As impeachment hearings begin in Washington this week one can’t help wondering what Roger Ailes would do. Ailes, the creator of Fox News, is the subject of the latest US blockbuster mini-series, The Loudest Voice. It’s a scary reminder of how Fox News dramatically changed the US political landscape and used TV, not just to shape audience views but to deliver a vision of the world demanded by its viewers. Ailes himself once said, “Truth is whatever people will believe”. It is already clear Ailes’s legendary truth-shaping genius would be sorely tested on Capitol Hill right now. However, it might not even matter.

There seems to be an air of resignation that Donald Trump’s base support of Fox viewers are unmoved by their President’s daily dose of awful. Porn star pay-offs, Greenland annexation, Kurdish betrayal, North Korean love letters, Twitter tantrums and Putin puppy dog fawning have failed to erode core voter support of circa 44% in current national polling. Critical to this robust base is the cult-like devotion of almost 90% of Republican voters. Thanks to the electoral college voting system in the US it’s entirely possible Trump could be re-elected in 2020 with a sub-50% support base. However, wall-to-wall TV coverage of impeachment hearings in Washington is possibly the last chance for this core support to shift.

The live TV depositions of the first two witnesses from inside the US State Department, George Kent and Bill Taylor, paint a very stark reality that the Prime Minister of an ally, Ukraine, was the subject of a mobster style shake-down. The foreign policy version of wise-guy extortion was the blocking of much needed military aid to force a false investigation into election rival, Joe Biden. There are multiple other witnesses due to testify with similar tales and the only accounts missing are White House figures defying subpoenas to appear. It’s TV torture for Trump and his Twitter account is exhibiting heightened levels of agitation. However, there is only one poll that ultimately counts.

We are only in the impeachment hearings phase. The vote to impeach is still to come in the House of Representatives and will likely pass. Then it’s on to the Senate for a trial. The hurdle in the Senate to actually convict Trump and remove him from office is a two-thirds majority guilty vote. This is where Republicans failed in impeaching Bill Clinton. Most observers correctly believe it is currently almost impossible to see how the required 20 Republican Senators cross the aisle to vote with Democrat Senators for removal of the President.

This reluctance of Republicans to convict is not driven by any devotion to the country, the presidency or the constitution. It is entirely driven by survival instincts. Republican political careers without the support of the Trump base are toast. But that Trump approval rating within the Republican vote needs to stay at 70% or above. Below that and Senators will know the numbers with or without the MAGA Trump base won’t stack up to beat their Democrat rivals in 2020 elections. So, this internal approval rating within the Republican/Fox base is absolutely critical for Trump’s survival. It also will be watched closely by financial markets.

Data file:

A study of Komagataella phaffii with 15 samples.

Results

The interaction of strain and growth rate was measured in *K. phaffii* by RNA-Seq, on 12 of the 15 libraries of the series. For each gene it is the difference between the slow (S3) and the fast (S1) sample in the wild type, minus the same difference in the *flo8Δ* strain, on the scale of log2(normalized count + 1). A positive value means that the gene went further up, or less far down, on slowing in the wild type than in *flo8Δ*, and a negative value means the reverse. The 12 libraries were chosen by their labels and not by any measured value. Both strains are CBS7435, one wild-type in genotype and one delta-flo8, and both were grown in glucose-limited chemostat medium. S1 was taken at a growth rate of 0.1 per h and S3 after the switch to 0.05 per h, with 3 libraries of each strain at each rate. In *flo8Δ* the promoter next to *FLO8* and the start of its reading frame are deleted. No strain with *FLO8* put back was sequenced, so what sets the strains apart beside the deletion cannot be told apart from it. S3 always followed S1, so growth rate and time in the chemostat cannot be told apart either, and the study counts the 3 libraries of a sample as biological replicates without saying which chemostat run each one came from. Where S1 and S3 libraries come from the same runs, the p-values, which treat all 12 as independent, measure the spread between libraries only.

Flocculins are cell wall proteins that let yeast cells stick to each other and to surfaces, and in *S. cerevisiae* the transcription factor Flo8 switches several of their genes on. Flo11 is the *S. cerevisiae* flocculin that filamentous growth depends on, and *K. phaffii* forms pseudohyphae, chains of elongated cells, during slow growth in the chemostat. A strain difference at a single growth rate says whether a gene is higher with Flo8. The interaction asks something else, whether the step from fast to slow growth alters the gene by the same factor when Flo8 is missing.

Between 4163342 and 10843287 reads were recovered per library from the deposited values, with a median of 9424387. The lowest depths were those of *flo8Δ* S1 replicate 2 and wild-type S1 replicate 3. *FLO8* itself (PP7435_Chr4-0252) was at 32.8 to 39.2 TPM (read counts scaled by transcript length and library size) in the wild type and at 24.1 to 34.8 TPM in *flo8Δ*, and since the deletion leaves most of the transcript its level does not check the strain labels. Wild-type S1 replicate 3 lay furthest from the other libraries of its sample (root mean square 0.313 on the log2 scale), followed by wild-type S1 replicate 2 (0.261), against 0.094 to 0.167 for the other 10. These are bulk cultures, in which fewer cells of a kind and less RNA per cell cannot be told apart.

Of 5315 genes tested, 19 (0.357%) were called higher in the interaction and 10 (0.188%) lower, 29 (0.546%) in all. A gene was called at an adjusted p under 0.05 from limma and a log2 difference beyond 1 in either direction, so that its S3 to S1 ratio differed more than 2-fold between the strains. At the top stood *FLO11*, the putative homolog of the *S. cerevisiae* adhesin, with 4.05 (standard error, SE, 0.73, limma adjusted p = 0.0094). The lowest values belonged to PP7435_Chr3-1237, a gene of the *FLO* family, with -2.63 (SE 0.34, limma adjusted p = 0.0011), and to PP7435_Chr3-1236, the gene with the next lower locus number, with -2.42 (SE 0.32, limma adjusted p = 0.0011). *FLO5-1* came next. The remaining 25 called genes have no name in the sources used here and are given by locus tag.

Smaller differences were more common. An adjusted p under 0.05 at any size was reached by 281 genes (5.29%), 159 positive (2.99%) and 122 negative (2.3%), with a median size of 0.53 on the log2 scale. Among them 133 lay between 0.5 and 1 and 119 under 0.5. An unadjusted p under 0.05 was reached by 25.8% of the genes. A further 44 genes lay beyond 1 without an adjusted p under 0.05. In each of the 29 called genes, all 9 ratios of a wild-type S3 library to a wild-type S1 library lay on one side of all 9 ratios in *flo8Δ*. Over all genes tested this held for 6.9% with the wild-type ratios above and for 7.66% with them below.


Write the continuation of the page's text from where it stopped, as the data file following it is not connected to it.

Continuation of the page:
A Trump presidency in real trouble will encourage the Chinese to stall on trade war negotiations. That, in turn, will continue to hurt global manufacturing activity levels. One should also consider the impact of a chaotic exit of Trump from the presidency. There will likely be an electoral backlash and fears of a new less business-friendly occupant of the White House. Wall Street is already ringing alarm bells about a potential Warren or Sanders presidency. One should also not overlook the impact on US consumer confidence.

It will not be easy for a nation to digest the likely truth that the 2016 election was manipulated to install a Russian foreign policy asset. One should be mindful of the performance of markets the last time the US suffered a crushing embarrassment. Arguably, the Nixon resignation and the Vietnam retreat in 1973-1974 had multi-year consequences rather than the Middle-East oil crisis of 1973. The Watergate Hearings were first televised in May 1973 when the S&P 500 was trading at 615 points. By June 1982 the S&P had more than halved to the 290 level after a multi-year bear market. This makes for sober reading but one could argue we are in a better place than the 70s. Globally, investors are enjoying a good year despite geopolitics and slowing economic activity. It’s all very Goldilocks – cooler economics, warmer money-printing/rates.

Sure, the S&P 500 chart makes for cheerful watching as it reaches all-time highs. Also, TV screens will provide some amusing moments from Capitol Hill in the coming weeks. But…voter polls have the potential to present an uncomfortable truth whether they change or not. The first possibility is that the truth, as most sentient beings understand the meaning of the word, will be ignored and the Trump support belief/truth remains unmoved. In that case, the longer-term implications of constitutional chaos, geopolitical instability and continued illegal actions from the White House will be significant.

The alternative scenario of a significant shift in Republican polling will deliver more immediate negative market reaction but hopefully undo 25 years of Fox News reality shaping and abdication of broadcasting responsibility. No doubt there will be short term pain and embarrassment for many but a restoration of truth to US politics can only be a good thing. The loudest voices have enjoyed too much airtime.